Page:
AccuReports® makes it easy to identify opportunities to improve financial performance of risk, shared savings and incentive contracts. This begins with the concept of the medical cost budget, from which all related analysis of performance derives.
The medical cost budget is by definition the fraction of premium available for providing medical care to a panel of patients. That fraction is expressly the premium available to the plan multiplied by the target medical loss ratio for the provider group, and in AccuReports® by FRG, it is called Funding. The equation is below.
Premium x Medical Loss Ratio Target = Funding
When a panel consumes more resources than are available for its care, we begin to observe the formation of a deficit. If the pattern continues over time, the deficit accumulates. On the other hand, if the panel consumes less resources than are available, a savings is created. No savings, no incentive. Focusing on creating a savings means focusing on the medical cost budget.
Each month of data provides new information about prior period expenses (which we refer to as restatement), and a first look at the new month of data. The aggregate panel performance over any period of time can change due to events present and the engagement of the primary care providers managing the risk adjustment, unit cost and utilization trends for the panel. These dynamics are complex, and panel managers (i.e. primary care providers in a risk or shared savings arrangement) should focus on those. Premium is upstream from this analysis.
Premium represents the funds available to the health plan for administration of care delivery to its enrolled membership. Premium changes due to risk adjustment, which requires a coordinated effort between the plan and provider group, but relates to the medical cost budget in a linear way.
Premium, therefore, is excluded from most reports in AccuReports® by FRG to be sure that users focus on their medical cost budget performance. Of course, risk adjustment initiatives can change the value of premium over time, but due to the linear relationship based on the medical loss ratio target, Funding moves predictably and should be sufficient to measure the effects of those efforts.
The provider group need only understand the magnitude and direction of the changes in Funding to understand how it will affect their performance against the realized Medical Loss Ratio (MLR), which can be improved by managing the many cost levers visible in the reports like inpatient spend, pharmacy costs, specialty trends and emergency department frequency through consistent, thorough and timely review of the related reports.
In value-based contracts, the performance of a panel is measured first by whether a savings is created and second by any measure of quality of care improvement. The first measure (savings or loss) is presented in AccuReports® as both a residual after medical costs are removed from the funding to the risk pool (i.e. balance) and also as a ratio of the total expense divided by the risk pool funding, named thusly the Expense to Funding Ratio (EFR).
EFR = Total Expense / Funding
AccuReports® presents EFR consistently throughout the application for two reasons: the first, following from the previous explanation, to focus the user on the performance against the medical cost budget, and second, to allow comparison across groups by individuals responsible for multiple panels with different incentive targets. EFR is always measured against 100%, which simplifies comparative analysis. A higher EFR, means a higher resource consumption of the medical cost budget.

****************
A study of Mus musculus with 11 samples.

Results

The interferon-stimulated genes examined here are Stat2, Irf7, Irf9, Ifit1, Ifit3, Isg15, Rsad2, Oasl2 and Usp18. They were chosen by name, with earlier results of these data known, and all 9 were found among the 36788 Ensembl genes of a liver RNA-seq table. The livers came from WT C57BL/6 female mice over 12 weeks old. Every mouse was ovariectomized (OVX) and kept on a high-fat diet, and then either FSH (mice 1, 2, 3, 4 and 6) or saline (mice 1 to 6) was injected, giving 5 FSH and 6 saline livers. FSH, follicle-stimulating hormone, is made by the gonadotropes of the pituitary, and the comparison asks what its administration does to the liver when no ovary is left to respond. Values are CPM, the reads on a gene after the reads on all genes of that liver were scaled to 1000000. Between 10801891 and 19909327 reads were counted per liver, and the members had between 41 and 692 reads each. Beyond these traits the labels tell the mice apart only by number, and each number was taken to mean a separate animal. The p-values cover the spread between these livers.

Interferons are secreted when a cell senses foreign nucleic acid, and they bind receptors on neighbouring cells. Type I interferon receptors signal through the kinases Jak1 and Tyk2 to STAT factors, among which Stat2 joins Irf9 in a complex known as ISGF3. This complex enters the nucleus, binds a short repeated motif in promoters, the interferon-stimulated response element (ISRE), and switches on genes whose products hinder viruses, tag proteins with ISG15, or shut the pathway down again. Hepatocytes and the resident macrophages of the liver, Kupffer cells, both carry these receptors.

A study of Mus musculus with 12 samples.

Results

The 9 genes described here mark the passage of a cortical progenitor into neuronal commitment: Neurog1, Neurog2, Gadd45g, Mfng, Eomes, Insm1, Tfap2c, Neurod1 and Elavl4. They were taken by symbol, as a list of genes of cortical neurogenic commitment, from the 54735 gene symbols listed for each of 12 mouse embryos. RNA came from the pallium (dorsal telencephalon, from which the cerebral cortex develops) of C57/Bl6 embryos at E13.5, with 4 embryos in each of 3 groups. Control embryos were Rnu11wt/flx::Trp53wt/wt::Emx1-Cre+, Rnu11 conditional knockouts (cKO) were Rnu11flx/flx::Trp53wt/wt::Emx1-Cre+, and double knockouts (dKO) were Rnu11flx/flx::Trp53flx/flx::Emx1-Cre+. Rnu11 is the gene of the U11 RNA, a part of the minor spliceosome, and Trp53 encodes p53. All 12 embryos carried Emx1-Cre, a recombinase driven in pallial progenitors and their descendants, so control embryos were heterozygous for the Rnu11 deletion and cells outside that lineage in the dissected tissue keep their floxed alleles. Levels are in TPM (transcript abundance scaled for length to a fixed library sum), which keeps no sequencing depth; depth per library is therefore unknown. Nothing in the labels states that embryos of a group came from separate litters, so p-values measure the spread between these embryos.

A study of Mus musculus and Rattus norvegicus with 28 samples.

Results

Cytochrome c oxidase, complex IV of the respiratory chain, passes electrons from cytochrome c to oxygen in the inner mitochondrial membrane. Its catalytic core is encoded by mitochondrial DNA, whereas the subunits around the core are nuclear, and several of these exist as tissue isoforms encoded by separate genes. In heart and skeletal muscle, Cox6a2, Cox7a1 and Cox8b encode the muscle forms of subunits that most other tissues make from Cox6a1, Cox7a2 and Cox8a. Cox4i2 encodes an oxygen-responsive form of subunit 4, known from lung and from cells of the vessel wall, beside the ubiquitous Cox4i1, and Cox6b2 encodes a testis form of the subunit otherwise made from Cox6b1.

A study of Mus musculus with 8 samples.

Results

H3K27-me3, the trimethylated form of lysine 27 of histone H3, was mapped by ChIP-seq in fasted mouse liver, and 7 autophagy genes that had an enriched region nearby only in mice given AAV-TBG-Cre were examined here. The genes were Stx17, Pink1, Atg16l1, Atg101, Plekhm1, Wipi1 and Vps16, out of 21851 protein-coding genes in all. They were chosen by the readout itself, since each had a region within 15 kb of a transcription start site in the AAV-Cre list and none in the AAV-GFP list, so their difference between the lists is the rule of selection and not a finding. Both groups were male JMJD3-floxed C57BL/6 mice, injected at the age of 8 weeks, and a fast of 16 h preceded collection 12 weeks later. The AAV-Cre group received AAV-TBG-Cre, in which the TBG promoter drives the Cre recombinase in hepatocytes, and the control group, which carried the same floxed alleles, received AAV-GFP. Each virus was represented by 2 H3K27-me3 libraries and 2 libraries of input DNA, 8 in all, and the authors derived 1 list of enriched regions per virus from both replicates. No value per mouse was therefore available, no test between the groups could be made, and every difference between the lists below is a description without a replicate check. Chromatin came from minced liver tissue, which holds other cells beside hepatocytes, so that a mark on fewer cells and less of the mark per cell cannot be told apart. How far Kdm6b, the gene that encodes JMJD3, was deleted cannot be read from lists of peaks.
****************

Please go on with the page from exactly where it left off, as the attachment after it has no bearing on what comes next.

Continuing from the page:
The Medical Loss Ratio Target in incentive contracts offered to different groups will vary based on the market in which those groups perform and other network performance management strategies. In AccuReports® by FRG, because these contracted rates are often confidential, the user is focused on performance against budget. However, in those cases where a network manager or provider group finance manager is privileged to know the Target Medical Loss Ratio, or Target Loss Ratio (TLR) for short, of multiple groups and would like to estimate premium and overall Medical Loss Ratio (MLR) performance, he or she can simply apply what they know about each contract’s target to the presented Expense to Funding Ratio (EFR), according to this simple formula:
EFR x TLR = MLR
A simple example will make it clear. For 10,000 Medicare Advantage members, if the plan’s average per member per month Premium for the population is $915, then the plan receives $9.15 MM in revenue from CMS each month. If the plan contracts with a primary care Medical Services Organization (MSO) to manage those members under a risk contract with a TLR of 84%, the medical cost budget for a month of services is: $7.686 MM. If the panel consumes $7.225 MM in resources in one month, the EFR for that month is 94%. Following the equation above, substitute the values:
(0.94) EFR x (0.84) TLR = MLR = 78.96%
The proof is found through application of the MLR definition: Total Medical Expense divided by Total Premium. In this case, $7.225 MM (Total resources consumed, i.e. expense) / $9.15MM (Panel Premium) is 0.7896. When expressed as a percent, the MLR.
MLR = Total Expense / Premium
For more information, check out our article on how to set MLR Targets Effectively.